One of the easiest problems to solve, but one of the biggest problems existing in long term care is getting industry leaders to recognize the importance of qualified medical records staff. Performing my own, informal root cause analysis this week, I determined that the reason my SNF client was unable to produce a complete medical record for a recent Additional Documentation Request (ADR) was because the medical records staff did not understand what was being asked or expected of them.
As I discussed my findings with the Administrator, I could glean his dismay. The facility had several recent documentation requests from the Comprehensive Error Rate Testing (CERT) and upon my review, I found that the medical record was incomplete, lacking required Medicare documentation that was often kept separate from the medical record. The record was disorganized and lacked supporting documentation that should have been included due to the requested look back periods. For example, the service dates to be reviewed were February 1 – 28. The key here is that there was an MDS completed during that timeframe. The ARD was February 1, therefore any and all supporting documentation used to code that MDS should have been included in that particular situation.
True there is no regulation that states the medical records professional must have a certain degree or certification, but let’s think about the responsibilities of this role:
- Ensures your medical records are accurate and complete
- Organizes and maintains the facility’s legal document of care provided
- Coordinates, per regulation, thinning and storage of the legal documents
- Copies and ships documentation to support Medicare and Medicaid claims
It is no surprise to me that the most common F-tags directly relate to these areas. The number one problem facing the long term care industry is the loss of revenue related to denied claims due to improper documentation submitted to support a claim upon review.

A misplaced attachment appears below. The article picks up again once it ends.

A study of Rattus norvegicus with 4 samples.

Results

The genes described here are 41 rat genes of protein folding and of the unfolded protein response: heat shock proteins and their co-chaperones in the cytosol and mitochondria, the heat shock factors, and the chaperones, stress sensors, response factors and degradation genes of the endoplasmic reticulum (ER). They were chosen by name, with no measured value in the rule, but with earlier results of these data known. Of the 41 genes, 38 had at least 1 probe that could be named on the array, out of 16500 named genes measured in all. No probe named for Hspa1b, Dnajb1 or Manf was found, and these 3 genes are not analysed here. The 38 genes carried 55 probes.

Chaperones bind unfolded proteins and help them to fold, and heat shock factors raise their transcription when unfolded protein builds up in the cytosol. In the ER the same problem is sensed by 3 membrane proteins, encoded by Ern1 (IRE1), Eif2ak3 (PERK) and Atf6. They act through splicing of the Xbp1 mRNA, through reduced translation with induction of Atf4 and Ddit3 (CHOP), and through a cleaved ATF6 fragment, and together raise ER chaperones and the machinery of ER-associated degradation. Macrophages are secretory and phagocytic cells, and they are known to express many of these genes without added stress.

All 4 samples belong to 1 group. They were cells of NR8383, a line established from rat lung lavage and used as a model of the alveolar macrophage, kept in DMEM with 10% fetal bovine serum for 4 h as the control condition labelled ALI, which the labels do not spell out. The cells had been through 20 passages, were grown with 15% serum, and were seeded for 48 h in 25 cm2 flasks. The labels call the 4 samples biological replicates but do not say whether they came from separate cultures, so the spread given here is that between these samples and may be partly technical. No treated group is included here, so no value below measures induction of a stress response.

Medical Record professionals require education, mentoring and monitoring to ensure accuracy and continued support that enables growth and efficiency. With regulations and the top 5 F-tags being:
- F-279 Comprehensive Care Plans
- F-281 Professional Standards of Care
- F-514 Clinical Records Complete, Accurate, Accessible and Organized
- F-309 Highest Practical Well Being
- F-481 Following the Plan of Care
The strength of your medical records department, survey success and reimbursement depends on how much effort you place in training and development. Achieve positive results for your organization by developing a plan to strengthen your medical records staff. You will want to include:
- Comprehensive Orientation Program
- Continuing Education Program
- Policy and Procedure Review
- Denials Management Process
- State and Federal Regulations Review
- Medical Record Compliance
As documentation and medical record systems increase in complexity due to the multiple changes in our industry, medical record professionals working in long term care facilities need to have the knowledge and resources to maintain health information systems that impact quality of care including regulatory, compliance, financial and potential legal concerns. If the facility is unable to hire or retain a credentialed Health Information Specialist to manage the Medical Records Department, it would be beneficial to ensure there is an outside party to assist in staff development, provide ongoing education, auditing and monitoring and mentorship to increase compliance and reduce your risk of loss related to the multiple regulatory deficiencies associated with a poorly managed Medical Records Department.
Harmony Healthcare International (HHI) is available to assist in developing your Medical Records Department and maintaining compliance within your facility.To contact us, please visit our website at harmony-healthcare.com or call us at (978) 887-8919.